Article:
I recently stumbled across a fascinating bit of trivia. In 2012, a fifth-grade teacher in Kansas City, MO, gave his students a lesson on molecules and challenged them to create their own structures using a molecular model kit. One student, Clara Lazen, showed particular interest in the project, and at the end of the lesson presented her teacher with a creation he had never seen before. The teacher snapped a picture of the model and sent it to a chemistry expert in California, who quickly responded with exciting news – Clara Lazen had just discovered an entirely new molecule! Since then, this new molecule – Tetranitratoxycarbon – has become the subject of theoretical chemistry papers, with Clara and her teacher being listed as co-authors on the initial report.

These kinds of stories always inspire me because they remind educators how our students can literally change the world. Too often it can feel like progress is something slow and incremental. Discoveries, when they happen, take years of research, testing, and trials to achieve. Students show us that this doesn’t always need to be true. When younger generations are allowed to fully embrace their curiosity, creativity, critical thinking skills, things can change for the better overnight!

The Right Tools

VAI has always been an advocate for this kind of hands-on, inquiry-based learning. It’s one of the reasons we’ve worked so hard to provide engaging lessons that encourage students to think critically about real-world problems. So, at the risk of self-promoting, I wanted to share some projects that educators can use to make a positive, tangible impact with their students. Here are just a few ways your class can get involved and change the world:

Lend a Hand: Around the world, millions of talents go to waste because people lack the resources to get started. In 2006, Muhammad Yunus won the Nobel Peace Prize for his innovative idea of microlending to help impoverished communities. In this project, students will learn how microlending can be an incredibly powerful force for good. Your class will raise and lend money to entrepreneurs in developing nations who are trying to make a positive impact on the world. In the process, they’ll also develop their skills in math, vocabulary, and social-emotional learning!

State of Sustainability: Every state is uniquely great. From coastlines to mountains to rolling prairies, our landscape is diverse. In this project, students will become aware of the need for a sustainable world by focusing directly on their own state’s sustainability. They will use their creativity to design a book about their state that informs readers how small changes can develop a more sustainable world. Finally, they’ll publish their book and sell it for a charitable cause. Not only does this project encourage students to be responsible stewards, but it also instructs them in science, language, and history!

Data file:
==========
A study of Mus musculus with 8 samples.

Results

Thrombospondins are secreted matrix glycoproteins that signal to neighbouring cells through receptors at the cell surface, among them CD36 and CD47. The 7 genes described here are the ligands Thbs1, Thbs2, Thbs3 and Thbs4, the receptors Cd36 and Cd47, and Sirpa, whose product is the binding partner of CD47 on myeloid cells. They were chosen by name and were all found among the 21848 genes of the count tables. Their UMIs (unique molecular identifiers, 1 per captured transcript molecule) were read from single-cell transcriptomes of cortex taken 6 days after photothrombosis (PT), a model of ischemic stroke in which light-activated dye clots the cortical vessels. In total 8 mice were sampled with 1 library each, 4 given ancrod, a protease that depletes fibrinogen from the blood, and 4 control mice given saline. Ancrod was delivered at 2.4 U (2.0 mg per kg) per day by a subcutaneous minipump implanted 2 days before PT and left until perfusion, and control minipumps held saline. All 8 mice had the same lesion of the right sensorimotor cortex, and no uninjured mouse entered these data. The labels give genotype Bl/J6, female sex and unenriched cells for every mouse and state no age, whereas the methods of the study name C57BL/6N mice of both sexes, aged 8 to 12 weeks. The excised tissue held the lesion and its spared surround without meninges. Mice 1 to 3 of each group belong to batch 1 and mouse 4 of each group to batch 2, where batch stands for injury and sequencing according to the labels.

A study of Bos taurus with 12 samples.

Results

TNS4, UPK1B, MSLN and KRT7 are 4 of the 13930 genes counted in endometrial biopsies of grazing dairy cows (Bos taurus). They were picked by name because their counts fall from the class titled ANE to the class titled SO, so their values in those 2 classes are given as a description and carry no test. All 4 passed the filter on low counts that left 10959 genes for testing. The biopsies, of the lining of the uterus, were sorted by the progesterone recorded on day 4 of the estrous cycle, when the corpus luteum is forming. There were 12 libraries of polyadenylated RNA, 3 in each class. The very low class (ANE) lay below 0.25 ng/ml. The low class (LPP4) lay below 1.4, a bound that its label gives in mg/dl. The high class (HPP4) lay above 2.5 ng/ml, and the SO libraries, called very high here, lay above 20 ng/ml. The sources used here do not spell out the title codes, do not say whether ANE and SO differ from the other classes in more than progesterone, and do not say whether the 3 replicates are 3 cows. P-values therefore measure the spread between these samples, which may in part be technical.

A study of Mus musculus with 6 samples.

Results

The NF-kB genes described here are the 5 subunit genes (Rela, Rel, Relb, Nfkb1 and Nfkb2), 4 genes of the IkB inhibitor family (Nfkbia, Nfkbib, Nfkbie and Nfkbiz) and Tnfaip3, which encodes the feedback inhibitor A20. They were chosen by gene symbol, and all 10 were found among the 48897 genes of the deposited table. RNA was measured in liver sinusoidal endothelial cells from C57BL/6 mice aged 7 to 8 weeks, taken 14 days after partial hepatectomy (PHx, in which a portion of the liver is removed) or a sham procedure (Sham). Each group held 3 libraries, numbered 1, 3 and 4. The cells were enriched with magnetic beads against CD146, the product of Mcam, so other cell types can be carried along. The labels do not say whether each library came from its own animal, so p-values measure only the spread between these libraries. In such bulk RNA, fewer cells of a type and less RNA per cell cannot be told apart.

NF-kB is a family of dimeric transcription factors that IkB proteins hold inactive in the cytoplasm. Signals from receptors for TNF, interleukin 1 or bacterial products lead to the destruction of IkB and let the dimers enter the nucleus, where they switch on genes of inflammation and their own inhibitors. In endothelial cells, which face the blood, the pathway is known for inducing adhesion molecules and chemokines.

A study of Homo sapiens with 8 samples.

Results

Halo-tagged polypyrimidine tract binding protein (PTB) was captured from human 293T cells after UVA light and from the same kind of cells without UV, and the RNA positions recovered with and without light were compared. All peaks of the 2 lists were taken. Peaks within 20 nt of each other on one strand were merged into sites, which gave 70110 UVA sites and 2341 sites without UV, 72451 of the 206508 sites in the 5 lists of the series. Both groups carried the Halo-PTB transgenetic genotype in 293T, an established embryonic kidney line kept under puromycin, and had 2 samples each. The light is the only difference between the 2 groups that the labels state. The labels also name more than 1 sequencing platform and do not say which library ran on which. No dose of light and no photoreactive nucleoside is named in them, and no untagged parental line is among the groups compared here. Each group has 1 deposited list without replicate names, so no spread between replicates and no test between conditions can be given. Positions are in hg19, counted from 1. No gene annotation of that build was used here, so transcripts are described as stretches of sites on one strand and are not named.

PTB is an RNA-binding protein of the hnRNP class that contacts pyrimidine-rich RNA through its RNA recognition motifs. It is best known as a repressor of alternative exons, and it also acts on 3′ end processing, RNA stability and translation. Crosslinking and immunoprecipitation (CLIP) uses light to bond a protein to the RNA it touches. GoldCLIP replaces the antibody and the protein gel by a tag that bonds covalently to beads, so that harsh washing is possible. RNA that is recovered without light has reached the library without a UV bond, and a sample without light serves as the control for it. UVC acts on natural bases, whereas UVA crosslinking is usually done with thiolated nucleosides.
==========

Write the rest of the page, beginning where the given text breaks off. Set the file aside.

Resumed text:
Take a Stand: Students hold great potential for change. Yet, public policy decisions are hardly (if ever!) influenced by the creativity, interest, and experience of our smallest citizens. In this project, students will take a stand in support of a public policy issue that matters to them. They will learn about all sides of several topics like education and the environment. Through respectful discourse, they will construct and articulate well-researched positions on a topic of their choice with an inspirational podcast! This project is perfect for introducing civics to students while also fostering growth in technology and information literacy.

Go Change the World

These are just a few of the projects which can turn your classroom into a dynamic force for good. We never want a lack of funding to be a hindrance to quality instruction. So, if you are in need of funding support, apply for a Blue Apple Scholarship, and we will review the application against available scholarships and grants. Remember, if classrooms across the country channel their knowledge into meaningful change, there’s no limit to what we can achieve. Who knows? The future may be much closer than we ever believed.

For more free educational resources, or ideas on how to promote healthy SEL, simply follow this link!